AMD has revealed its full range of RX 6000 graphics cards. Dubbed “Big Navi,” these new GPUs are directly competing with Nvidia’s latest RTX 30- series, with the RTX 3070 launching soon. AMD’s latest range starts with the new RX 6800XT, a massive card that features 16GB of GDDR6 memory, 72 compute units, a base clock of 2015MHz, and a boost clock of 2250MHz. It’s also less power hungry than Nvidia’s RTX 3080, requiring only 300W (a difference of 20W). The RX 6800 keeps the same 16GB of GDDR6 memory, but drops compute units down to 60 while also reducing base and boost clocks to 1815MHz and 2105MHz respectively.
The news comes hot on the heels of its Ryzen 5000 series CPU announcement earlier in October.
AMD’s own benchmarks positions the RX 6800XT as a direct competitor to the RTX 3080, while the RX 6800 is compared to the older RTX 2080Ti. In both sets of results below there are instances where Nvidia’s cards are ahead, AMD is confident that its cards either match or better its competition in the majority of cases. AMD omitted any comparisons to the RTX 3070, but given its delayed launch date that isn’t too surprising.
Last and rounding out the 6000 series is the RX 6900XT, AMD’s answer to the massive RTX 3090. It also keeps the same 16GB of GDDR6 memory as well as the base and boost clock speeds of the RX 6800XT, but increases total compute units to 80. This gives the RX 6900XT more focused gaming performance when compared to the RTX 3090, despite AMD’s own benchmarks showing mixed results in a direct comparison.
The entire range of cards is out soon, too. The RX 6800XT launches on November 18 for $649, while the RX 6800 will retail for $579 and launch on the same day. The flagship, the RX 6900XT, launches on December 5 for $999.
AMD is also launching software features for the 6800XT that allow for one-click overclocking and more optimized memory delegation when using the new GPU with AMD’s latest Ryzen 5000 CPUs (similar to DirectX 12’s DirectStorage feature that will start being supported next year). These two features allow performance gains of up to 13% in some titles, according to AMD.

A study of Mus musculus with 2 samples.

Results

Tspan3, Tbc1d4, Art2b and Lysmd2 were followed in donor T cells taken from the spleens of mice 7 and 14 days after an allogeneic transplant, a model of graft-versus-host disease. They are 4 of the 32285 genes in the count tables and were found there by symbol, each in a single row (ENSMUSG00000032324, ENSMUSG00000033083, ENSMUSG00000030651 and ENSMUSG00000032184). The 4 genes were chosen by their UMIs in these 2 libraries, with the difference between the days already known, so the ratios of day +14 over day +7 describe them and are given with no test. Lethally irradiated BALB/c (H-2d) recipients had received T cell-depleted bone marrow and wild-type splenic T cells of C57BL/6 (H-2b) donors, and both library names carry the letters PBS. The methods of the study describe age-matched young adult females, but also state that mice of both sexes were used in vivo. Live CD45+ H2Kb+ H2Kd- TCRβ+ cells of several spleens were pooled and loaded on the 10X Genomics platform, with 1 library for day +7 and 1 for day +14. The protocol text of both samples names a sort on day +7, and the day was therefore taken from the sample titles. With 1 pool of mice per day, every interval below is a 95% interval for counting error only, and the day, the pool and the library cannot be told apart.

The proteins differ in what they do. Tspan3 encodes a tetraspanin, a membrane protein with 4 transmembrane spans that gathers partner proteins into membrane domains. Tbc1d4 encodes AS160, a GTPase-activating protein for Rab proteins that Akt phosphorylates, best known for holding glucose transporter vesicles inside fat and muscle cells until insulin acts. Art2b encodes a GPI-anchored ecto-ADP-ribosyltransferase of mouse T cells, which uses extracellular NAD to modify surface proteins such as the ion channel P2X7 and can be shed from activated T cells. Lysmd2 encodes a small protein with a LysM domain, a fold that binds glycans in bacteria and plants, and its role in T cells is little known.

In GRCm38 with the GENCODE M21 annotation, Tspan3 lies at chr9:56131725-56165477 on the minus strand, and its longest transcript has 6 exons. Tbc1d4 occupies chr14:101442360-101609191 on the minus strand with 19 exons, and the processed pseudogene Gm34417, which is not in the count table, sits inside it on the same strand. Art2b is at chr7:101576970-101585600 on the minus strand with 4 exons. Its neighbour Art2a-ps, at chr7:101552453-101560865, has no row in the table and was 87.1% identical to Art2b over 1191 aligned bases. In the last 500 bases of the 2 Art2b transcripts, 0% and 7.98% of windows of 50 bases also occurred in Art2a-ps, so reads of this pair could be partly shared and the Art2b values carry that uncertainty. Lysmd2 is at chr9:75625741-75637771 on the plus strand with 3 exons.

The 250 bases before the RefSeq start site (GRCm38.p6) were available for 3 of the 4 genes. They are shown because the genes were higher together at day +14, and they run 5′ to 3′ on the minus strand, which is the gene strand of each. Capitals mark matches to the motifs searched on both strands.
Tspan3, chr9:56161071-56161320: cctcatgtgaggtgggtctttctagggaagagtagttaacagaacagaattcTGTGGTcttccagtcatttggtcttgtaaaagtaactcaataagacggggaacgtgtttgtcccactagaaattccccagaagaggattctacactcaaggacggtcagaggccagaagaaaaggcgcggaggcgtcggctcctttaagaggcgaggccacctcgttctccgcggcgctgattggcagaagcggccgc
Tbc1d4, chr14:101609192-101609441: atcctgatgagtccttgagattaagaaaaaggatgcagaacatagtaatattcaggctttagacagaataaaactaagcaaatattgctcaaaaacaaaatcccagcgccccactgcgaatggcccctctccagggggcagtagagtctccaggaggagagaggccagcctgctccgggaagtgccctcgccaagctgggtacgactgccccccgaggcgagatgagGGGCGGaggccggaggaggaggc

AMD has chosen to keep the same memory across its entire range of cards but also not go with the faster GDDR6X memory that Nvidia decided on for its RTX 30-series line. AMD says that with its own Infinity Cache technology, it’s able to boost memory bandwidth performance and address the bottlenecks created by increasing resolutions to 4K without having to resort to more expensive memory. This means that all of AMD’s cards feature more memory than most of Nvidia’s line, with the RTX 3070 featuring 8GB, the RTX 3080 with 10GB, and only the RTX 3090 beating the lot with 24GB.
The biggest omission from the event was AMD’s answer to Nvidia’s Deep-Learning Super Sampling technology, or DLSS. This allows Nvidia GPU to render games at lower internal resolutions and upscale them using AI, producing nearly indistinguishable difference and increasing performance significantly. Speaking to The Verge, AMD says that it is currently working on a super sampling solution that it will make open and cross-platform when ready, while also ensuring that the feature will have widespread support when it launches. That won’t be this year, but AMD hopes it will be soon and also support both the Xbox Series X and PS5.
AMD is set to have a busy November, with both the RX 6800XT and RX 6800 launching on November 18 for $649 and $549 respectively. The flagship, the RX 6900XT, launches on December 5 for $999. AMD is also launching its Ryzen 5000 series CPUs starting on November 5.